Freedom & Flexibility: To Scale School Innovation, Take the Risk out of Failure

Farah & Arnett: Is the lack of large-scale change in education the result of too few good ideas, or a culture that won’t let them grow?


The lack of large-scale change in education makes us wonder if it is simply a lack of good ideas or a culture that won’t let them grow. As the leader of an educator-based movement that empowers teachers to build classrooms that respond to students’ every need and a researcher and advocate for school innovation, we see administrators and teachers do very inventive things every day. But we also see the immense challenges that stand in the way of expanding ideas beyond an individual classroom or district. It’s why scaling innovation in education means taking the risk out of failure.

This means making freedom and flexibility non-negotiable. For example, rather than top-down mandates that start at the state or district level and are imposed on teachers, schools need bottom-up approaches that start with teachers and give them a choice in when and how to use a new idea — or whether to use it at all. Among the schools we work with, the ideas that spread the fastest and last the longest are the ones that begin with teachers. One gets interested in an approach or a piece of technology, starts using it, tells a colleague who starts doing the same, and word keeps spreading until an entire school or district has adopted the idea.

With this model, scale happens from the bottom up and provides a softer landing when initiatives experience failures or setbacks. When district leaders impose an idea on educators and staff, it may stall because of a lack of passion. The stakes of making the initiative work are also higher because the idea is being introduced across the entire district instead of at the classroom-level. But when teachers find ideas, test them in their classrooms with a small group of students and share their progress, it gives them ownership and the opportunity to make adjustments before the idea reaches district-level implementation.   

There’s another benefit to adopting a teacher-led approach to innovation — ideas are more likely to stick. Teachers know what instructional practices and technology they need. When they find something that works and solves their problems, they keep using it. Time and again, the education reforms that last are those that frame a problem for teachers and offer a compelling solution. Adoption rates of instructional resources are a good example. Research shows that teachers are more likely to use textbooks, reference materials and even computers when they enhance students’ learning experiences.

Scaling innovation in education is also hurt by an imbalance between structure and flexibility. When businesses scale, leaders often focus on structure, designing strict systems that depend on repeatable processes. Think of an assembly line in a factory: Each worker repeats the same job and each product is built in the same way. This repetition creates efficiency because a company can easily see if goals are met and identify any barriers that might prevent employees from reaching them. Over time, these repeatable processes make it faster for a business to scale production.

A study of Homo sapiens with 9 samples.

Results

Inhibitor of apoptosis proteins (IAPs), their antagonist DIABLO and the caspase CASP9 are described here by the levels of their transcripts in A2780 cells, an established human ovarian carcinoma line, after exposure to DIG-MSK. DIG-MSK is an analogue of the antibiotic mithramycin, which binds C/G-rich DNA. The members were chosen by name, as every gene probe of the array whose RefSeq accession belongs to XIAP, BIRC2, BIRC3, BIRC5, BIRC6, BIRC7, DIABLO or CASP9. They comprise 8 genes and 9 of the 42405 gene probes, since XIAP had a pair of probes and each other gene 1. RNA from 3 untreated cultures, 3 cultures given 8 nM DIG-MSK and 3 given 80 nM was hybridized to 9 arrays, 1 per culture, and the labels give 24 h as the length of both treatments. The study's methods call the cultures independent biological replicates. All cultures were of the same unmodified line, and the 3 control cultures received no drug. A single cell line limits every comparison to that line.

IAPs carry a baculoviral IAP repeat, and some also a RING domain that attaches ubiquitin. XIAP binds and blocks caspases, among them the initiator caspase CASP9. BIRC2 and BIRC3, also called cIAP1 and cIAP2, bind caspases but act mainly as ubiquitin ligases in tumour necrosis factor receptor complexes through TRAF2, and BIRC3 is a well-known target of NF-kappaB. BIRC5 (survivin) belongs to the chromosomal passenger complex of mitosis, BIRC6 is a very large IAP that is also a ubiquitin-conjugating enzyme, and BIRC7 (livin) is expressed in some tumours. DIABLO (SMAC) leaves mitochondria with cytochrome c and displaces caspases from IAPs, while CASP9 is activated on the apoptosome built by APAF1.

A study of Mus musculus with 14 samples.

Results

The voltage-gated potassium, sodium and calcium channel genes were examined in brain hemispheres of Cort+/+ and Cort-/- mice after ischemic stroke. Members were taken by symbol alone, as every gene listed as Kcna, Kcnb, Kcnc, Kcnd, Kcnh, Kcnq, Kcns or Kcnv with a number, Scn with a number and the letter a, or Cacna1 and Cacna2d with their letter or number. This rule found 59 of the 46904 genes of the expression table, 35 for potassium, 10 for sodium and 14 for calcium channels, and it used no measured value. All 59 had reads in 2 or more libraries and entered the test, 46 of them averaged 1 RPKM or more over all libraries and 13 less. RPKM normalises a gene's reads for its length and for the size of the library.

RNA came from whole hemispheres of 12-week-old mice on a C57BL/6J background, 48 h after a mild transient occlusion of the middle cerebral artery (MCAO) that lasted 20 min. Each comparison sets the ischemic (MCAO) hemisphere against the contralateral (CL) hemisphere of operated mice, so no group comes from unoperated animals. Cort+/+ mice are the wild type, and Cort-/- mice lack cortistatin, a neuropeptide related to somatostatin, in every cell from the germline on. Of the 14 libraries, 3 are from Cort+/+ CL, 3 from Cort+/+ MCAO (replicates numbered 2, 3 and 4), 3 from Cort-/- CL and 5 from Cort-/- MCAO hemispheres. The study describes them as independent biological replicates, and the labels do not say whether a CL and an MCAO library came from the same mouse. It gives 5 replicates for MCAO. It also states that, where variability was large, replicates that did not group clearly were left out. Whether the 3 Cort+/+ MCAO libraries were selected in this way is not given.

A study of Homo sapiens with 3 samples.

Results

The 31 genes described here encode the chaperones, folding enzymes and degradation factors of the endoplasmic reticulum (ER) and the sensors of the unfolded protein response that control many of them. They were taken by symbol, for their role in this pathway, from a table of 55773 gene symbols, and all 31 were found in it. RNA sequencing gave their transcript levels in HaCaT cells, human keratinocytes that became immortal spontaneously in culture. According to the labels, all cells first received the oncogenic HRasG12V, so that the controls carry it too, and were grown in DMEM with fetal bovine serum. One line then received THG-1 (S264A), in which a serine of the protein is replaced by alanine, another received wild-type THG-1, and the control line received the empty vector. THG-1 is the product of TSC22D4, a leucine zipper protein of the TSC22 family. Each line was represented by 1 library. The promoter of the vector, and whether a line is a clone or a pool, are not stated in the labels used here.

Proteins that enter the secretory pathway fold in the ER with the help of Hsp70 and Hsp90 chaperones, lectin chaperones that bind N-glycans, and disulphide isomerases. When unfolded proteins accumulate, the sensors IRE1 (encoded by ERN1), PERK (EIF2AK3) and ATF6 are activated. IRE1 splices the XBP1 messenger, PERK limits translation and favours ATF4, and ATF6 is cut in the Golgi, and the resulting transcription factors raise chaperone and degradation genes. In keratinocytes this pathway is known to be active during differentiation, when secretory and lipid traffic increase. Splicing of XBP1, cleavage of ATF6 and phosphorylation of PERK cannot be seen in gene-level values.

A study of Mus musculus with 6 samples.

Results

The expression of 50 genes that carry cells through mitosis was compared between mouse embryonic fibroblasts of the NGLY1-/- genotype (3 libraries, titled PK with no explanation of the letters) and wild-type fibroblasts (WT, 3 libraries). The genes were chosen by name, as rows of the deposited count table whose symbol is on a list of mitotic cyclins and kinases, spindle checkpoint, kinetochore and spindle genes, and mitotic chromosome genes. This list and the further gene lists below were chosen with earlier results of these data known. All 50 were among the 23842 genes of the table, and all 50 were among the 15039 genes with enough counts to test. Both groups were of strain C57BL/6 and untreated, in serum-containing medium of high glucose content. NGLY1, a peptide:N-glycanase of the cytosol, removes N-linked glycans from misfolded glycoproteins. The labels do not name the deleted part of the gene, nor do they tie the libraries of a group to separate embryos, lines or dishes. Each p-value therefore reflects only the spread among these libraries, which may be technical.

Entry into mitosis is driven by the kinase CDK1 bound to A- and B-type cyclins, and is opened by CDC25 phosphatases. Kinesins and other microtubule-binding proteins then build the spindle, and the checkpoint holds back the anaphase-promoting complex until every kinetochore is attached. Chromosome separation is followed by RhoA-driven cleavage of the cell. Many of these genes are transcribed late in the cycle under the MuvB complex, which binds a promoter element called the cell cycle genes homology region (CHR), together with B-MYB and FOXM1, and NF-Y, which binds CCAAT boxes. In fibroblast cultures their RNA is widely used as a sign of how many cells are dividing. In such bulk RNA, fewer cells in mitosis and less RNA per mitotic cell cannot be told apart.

But schools are not factories. Instead of speeding up innovation and minimizing risk, too much structure constrains teachers. There are a lot of variables within a classroom, including student learning levels, personalities and variations in the mastery of a particular concept. Teachers play a significant role in students’ academic success, and the most effective ones adapt their instruction to account for these variables. Standardized and rigid structures take away teachers’ freedom to make these adjustments for different students, rendering the teachers less effective. 

Rigidity also needs to be removed from the definitions of failure versus success. Often, innovations are evaluated by standards that are already in place. Today, we might use standardized test scores, the amount of time spent teaching or the volume of content covered to judge whether a new idea worked. Instead, if K-12 leaders expand the measures of success to include college and career readiness or a student’s ability to engage in self-directed learning, it opens new possibilities for how to reach those goals. Add to that the idea that failure is not just part of the journey, but a requirement of it, and leaders have the opportunity to accelerate the adoption of new ideas.

Education is filled with passionate doers and bright idealogues who can drive innovations that improve the way students learn, teachers engage and schools operate. When leaders and policymakers learn to encourage, celebrate and support experimentation in ways that accept the risk of failure, they’ll empower educators to do just that and create a brighter future for everyone in K-12 education.